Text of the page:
Not seen the doc yet so it may be covered. But Mick Jones and co - future members and cohorts of The Clash - were a loyal following of Mott on the early 70s gig circuit. Indicates the importance of the band in influencing the future direction of music. Tend to feel that the glam period is criminally overlooked in its influence of punk.
The Ballad of Mott the Hoople
Fri Mar 8, 10-11pm, BBC4
Fri Mar 1 2013
Time Out Ratings :<strong>Rating: </strong>3/5
There’s Spinal Tap-related fun aplenty in this melancholy-going-on-morose rockumentary about 1970s rockers Mott the Hoople. ‘The energy level was 11!’ says producer Andy Johns, with just a hint of knowingess. Their control-freak svengali (and future Clash producer) Guy Stevens almost went mad. They went through guitarists (one of them used the stage name Ariel Bender) much like Tufnel and St Hubbins did drummers. And, on recalling the band’s brief, doomed collaboration with former David Bowie sideman Mick Ronson, Mott drummer Dale Griffin comments that ‘we thought he was the Messiah. The guitar Messiah, certainly…’.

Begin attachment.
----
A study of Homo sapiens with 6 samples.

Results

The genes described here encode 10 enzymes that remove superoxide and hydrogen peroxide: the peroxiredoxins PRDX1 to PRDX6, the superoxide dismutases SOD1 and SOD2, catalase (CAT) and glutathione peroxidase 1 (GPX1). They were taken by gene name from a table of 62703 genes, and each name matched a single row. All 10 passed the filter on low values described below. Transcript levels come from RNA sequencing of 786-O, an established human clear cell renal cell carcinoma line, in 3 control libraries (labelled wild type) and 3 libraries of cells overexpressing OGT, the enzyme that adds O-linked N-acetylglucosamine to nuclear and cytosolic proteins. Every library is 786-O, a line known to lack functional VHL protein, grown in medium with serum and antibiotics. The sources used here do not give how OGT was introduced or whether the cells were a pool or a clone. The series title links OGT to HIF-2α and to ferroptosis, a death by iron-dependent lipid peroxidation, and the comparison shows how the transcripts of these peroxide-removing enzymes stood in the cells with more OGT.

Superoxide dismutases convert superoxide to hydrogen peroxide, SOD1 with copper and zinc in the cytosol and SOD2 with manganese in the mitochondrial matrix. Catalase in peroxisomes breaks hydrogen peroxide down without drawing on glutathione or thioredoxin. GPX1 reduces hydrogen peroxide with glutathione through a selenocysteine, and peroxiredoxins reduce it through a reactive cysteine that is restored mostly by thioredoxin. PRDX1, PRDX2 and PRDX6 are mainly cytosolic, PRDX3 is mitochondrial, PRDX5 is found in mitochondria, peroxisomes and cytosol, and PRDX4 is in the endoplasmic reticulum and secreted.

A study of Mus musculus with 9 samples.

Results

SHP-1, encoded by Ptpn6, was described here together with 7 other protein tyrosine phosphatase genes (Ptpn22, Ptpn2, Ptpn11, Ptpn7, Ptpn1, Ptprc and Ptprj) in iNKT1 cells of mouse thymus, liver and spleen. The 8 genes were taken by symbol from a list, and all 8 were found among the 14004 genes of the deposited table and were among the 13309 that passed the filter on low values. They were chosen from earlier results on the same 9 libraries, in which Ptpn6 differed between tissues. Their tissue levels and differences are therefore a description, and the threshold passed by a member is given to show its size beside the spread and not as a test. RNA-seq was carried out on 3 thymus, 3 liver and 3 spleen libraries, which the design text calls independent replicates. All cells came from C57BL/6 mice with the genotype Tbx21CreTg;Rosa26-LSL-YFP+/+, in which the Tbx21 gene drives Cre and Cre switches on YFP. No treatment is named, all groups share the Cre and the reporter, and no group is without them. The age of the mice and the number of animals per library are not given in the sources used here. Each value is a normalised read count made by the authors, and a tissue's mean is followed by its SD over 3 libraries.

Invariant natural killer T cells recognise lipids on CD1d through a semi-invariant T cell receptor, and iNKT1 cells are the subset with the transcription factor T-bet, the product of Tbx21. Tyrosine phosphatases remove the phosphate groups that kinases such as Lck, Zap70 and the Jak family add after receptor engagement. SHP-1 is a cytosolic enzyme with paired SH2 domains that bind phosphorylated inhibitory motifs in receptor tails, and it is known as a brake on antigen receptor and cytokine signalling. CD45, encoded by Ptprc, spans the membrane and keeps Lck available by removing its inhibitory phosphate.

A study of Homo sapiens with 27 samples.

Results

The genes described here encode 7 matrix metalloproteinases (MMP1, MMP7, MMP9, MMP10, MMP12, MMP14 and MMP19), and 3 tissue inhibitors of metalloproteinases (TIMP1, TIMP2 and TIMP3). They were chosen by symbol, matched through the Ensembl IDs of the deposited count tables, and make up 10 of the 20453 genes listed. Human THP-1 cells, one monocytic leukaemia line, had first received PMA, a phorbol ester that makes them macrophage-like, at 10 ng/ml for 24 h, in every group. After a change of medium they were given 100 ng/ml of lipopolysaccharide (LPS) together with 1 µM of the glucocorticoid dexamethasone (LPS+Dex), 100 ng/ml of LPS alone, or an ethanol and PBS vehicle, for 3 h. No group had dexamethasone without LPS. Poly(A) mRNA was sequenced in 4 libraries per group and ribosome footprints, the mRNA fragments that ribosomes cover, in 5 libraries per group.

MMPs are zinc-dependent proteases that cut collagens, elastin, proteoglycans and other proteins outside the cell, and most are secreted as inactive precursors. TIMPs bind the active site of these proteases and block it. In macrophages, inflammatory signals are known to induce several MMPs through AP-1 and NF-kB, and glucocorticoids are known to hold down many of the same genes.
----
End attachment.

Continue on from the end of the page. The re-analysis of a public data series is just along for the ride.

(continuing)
Meat-and-potatoes rockers with a vaguely Dylanesque bent, they hit the big time thanks to Bowie gifting them ‘All the Young Dudes’. They enjoyed a subsequent string of hits, then imploded – all within five years. This dogged doc rounds up all the major players, but never adequately explains why the band aquired such a rabidly devoted following. Not quite fans only, but only a curio for non-believers.
The rabid following is an easy one. In a time of sickening pop and deep 'yeah man' musical excess, Mott kept the spirit of rock and roll alive. The only band Queen ever supported and the only live band Led Zeppelin were worried about. It's all too easy to cast them as Bowie prodigies these days, but it is hard to imagine British punk rock being around without their influence.